From: Werner Koch
Subject: Re: indirectly recommends a proprietary service through a new Enigmail defaults
Date: Thu, 18 Jul 2019 12:09:20 +0200
User-agent: Gnus/5.13 (Gnus v5.13)

On Wed, 17 Jul 2019 14:37, said:

> And I did not. ;-) I called a proprietary *service*,
> not a proprietary server [software].  I. e. a service, that has an
> owner = proprietor, who solely controls it.


>> This keyserver is not more proprietary than any other key servers.
> Yes, but it’s a part (as of now, the only part) of a proprietary
> network — just like, say, Facebook.  While SKS is a distributed
> network — like Usenet.

Nope.  To use the distributed (actually replicated) SKS you need to get
onto Kristian's list.  Kristian has certain rules on what servers he
puts on the list.  This currently means you need to have several SKS
instances running behind a loadbalancer.  For year now this had the
effect that there are only two persons running SKS keyservers.  There
are other pools he also manages - but those are using plain HTTP and not
HTTPS and re rarely used.

>> A problem is the single-point-of-validation (done via mail
>> confirmation) which puts them in a position like X.509 CAs.
> That is, mister Brunschwig is willing to add other keyservers on a par
> with  Who will be an auditor (like

I don't understand.  The thing is that Patrick decided to switch away
from the GnuPG default (hkps:// to a single
keyserver which is controlled by Vincent Breitmoser (
and which can't work like the SKS pool due to their requirement for mail
verification of all keys.  Vincent is one of the authors of
OpenKeychain, a widely used free OpenPGP implementation for Android.

> And Enigmail is like a software that encourages any user to get a
> CAcert certificate ‘in two clicks’, not even informing him, that they

How is that different from software uploading to SKS.  In fact, has some advantages for some user and those who do not
understand the goal of the GDPR: They can request the removal of their

Enigmail has its own policy and I do not like some of them (e.g. the
MemoryHole crap) but in that regard it is not different from GnuPG or
any other free software, they all have defaults which are set to best
serve their users.  One might have different opinions about this, but I
am sure that Enigmail's tries its best to further end-to-end encryption
without neglecting the 4 freedoms.

> Unless you mean an entity that controls root DNS of the Internet, for
> sure, DNS of SKS *network* is _not_ under control of a single person.

Nope, it is.  The network is DNS and certificate based and there is one
person controlling it.  I pretty sure everyone in the community trusts
Kristian to do the Right Thing as most users also trust Patrick, me, or
any other GNU author.

> With SKS, when the default entry point is down, I can simply choose
> the other one, and if I am paranoid I can command GPG to check several
> keyservers — results must be identical, am I right?

You can do the very same in Enigmail.

> And even if it has none.  How a credibility of the owner of
> round-robin DNS that randomly chooses a node in distributed network
> pool can be compared to a credibility required from a single owner of
> the whole network?

As I noted, for more than a year we have only two persons running
actualy used SKS keyservers with one person having the enire control
over it.  How is that different from or gnupg?

> He’s in fact in a halfway of doing that.  Enigmail 2.1 (for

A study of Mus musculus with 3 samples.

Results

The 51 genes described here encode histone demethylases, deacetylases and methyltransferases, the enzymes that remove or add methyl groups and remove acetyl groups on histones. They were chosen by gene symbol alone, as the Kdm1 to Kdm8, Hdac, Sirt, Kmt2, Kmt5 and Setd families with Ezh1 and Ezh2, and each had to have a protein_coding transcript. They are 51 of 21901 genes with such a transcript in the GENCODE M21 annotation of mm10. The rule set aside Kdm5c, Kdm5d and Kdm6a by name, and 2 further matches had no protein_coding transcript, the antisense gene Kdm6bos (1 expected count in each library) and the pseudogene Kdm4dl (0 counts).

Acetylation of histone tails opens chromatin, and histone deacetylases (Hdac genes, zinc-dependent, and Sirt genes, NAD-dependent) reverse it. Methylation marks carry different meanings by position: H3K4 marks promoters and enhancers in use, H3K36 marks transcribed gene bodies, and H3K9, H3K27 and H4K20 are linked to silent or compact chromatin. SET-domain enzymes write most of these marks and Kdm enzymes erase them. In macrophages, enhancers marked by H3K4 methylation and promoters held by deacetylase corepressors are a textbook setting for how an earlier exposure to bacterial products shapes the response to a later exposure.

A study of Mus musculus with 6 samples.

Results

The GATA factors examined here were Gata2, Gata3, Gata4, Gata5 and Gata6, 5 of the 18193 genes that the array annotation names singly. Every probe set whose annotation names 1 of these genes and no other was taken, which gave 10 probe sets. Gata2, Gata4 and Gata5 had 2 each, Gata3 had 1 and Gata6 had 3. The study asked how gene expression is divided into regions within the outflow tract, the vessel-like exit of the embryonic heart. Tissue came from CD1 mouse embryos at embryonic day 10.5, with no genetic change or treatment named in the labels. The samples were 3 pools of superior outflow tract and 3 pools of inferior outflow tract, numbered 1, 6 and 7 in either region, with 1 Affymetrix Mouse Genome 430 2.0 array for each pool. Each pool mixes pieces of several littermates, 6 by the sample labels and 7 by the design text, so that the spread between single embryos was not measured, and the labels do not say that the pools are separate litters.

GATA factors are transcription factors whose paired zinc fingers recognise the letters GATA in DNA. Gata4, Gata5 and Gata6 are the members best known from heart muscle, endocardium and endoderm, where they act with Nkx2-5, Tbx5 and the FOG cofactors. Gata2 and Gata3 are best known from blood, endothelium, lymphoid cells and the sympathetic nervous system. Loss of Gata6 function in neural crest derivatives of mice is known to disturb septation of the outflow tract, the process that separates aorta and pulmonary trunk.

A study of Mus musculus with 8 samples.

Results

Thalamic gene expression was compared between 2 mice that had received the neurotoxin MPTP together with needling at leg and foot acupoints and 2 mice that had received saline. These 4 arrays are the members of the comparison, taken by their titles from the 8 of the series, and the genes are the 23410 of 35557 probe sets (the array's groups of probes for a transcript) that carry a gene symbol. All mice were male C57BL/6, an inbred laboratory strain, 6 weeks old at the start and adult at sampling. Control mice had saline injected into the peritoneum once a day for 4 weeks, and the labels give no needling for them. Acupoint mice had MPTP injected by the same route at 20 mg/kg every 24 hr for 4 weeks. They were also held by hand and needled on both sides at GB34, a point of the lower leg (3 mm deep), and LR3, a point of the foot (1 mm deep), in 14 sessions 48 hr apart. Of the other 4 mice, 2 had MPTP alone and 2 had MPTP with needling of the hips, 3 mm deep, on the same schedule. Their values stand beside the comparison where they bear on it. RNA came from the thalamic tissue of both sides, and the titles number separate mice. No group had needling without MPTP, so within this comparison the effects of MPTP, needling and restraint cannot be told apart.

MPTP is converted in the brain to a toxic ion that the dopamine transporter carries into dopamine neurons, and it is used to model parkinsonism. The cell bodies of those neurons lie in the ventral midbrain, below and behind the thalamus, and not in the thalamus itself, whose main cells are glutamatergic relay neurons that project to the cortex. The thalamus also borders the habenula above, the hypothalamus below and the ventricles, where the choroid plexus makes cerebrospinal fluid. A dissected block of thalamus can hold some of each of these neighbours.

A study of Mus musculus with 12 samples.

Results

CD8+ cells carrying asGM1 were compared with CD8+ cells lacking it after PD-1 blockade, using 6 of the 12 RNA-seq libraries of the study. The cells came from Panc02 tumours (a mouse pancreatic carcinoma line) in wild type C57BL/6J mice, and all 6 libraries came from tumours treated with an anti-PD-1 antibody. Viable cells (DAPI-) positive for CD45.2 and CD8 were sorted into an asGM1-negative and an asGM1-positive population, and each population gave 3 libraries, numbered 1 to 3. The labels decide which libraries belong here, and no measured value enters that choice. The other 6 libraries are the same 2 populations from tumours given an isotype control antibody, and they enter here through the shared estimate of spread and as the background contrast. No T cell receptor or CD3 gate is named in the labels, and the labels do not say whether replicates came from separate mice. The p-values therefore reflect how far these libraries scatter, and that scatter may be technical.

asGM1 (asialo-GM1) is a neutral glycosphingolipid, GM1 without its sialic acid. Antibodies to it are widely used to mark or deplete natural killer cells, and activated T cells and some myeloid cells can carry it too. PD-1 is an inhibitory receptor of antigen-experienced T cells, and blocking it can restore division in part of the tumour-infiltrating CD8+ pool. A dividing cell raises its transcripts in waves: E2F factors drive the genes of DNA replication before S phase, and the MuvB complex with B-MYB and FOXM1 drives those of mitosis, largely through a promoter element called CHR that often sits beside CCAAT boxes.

> Thunderbird 68, now in beta) primarily advertising itself not as a
> GPG-frontend or an OpenPGP-compatible tool, but as a PEP [2] software.

pEp now is a very different story than keyservers and I am with you that
it is not a good descision of Patrick to make that highly proprietary
pEp that visible.  Despite of the well intention of its founder, the pEp
conglomerate has only one goal: Burst its market value and sell itself
at the peak.

> Yes, by elimination, the second one, despite that it does not even
> mention neither GPG nor OpenPGP!

Surely they don't want to use copyleft because that makes it harder to
seel the company.

> Back to our topic now: what’s about keyserver?  Suppose, you did not
> get rid of PEP (cannot find out how, or even do not want), how do you
> switch an outcoming keyserver?  My answer is: no idea!  I did not find

In theory by editing dirmngr.conf; unfortunately Enigmail does not use
outr default API but calls gpg with a keyserver and even worse implemens
parts of GnuPG itself.  I have not looked at the latest Enigmail and
can't tell whether the gnupg configure options have been removed.  That
would, in contrast to the default, indeed be a problem.

> Now you apparently would like to try the innovative PEP-enhanced
> Enigmail 2.1 by yourself to see all these fancy things with your own
> eyes, so I must warn you: *it mangles ~/.gnupg/gpg.conf and
> ~/.gnupg/gpg-agent.conf*, so take precautions.

That is okay, all frontends can do that and we even provide an interface
to do this.  There are other choices for a MUA for example Kmail, where
my associate Andre is deeply involved in the crypto.

> May I finally propose a small thought experiment: what would you do
> under the circumstances: disabled lookup on SKS servers until the
> installed GPG had been updated, or took the situation as a ideal
> opportunity to aggressively promote a competing private service among
> all you users?  Or something else?

Assuming you mean pEp: I won't be able to give a neutral answer here
because the folks who wrote the Hagrid software, which is used by, used to be my employees, learned everything about
OpenPGP and things, and left me in favor of working for pEp.  Patrick of
Enigmail is not associated with pEp, though.

Note that is not run any of them but as a private
project of Vicent who is also not associated with pEp but runs along
with a partner a small company to fister delopment of OpenKeychain.



Die Gedanken sind frei.  Ausnahmen regelt ein Bundesgesetz.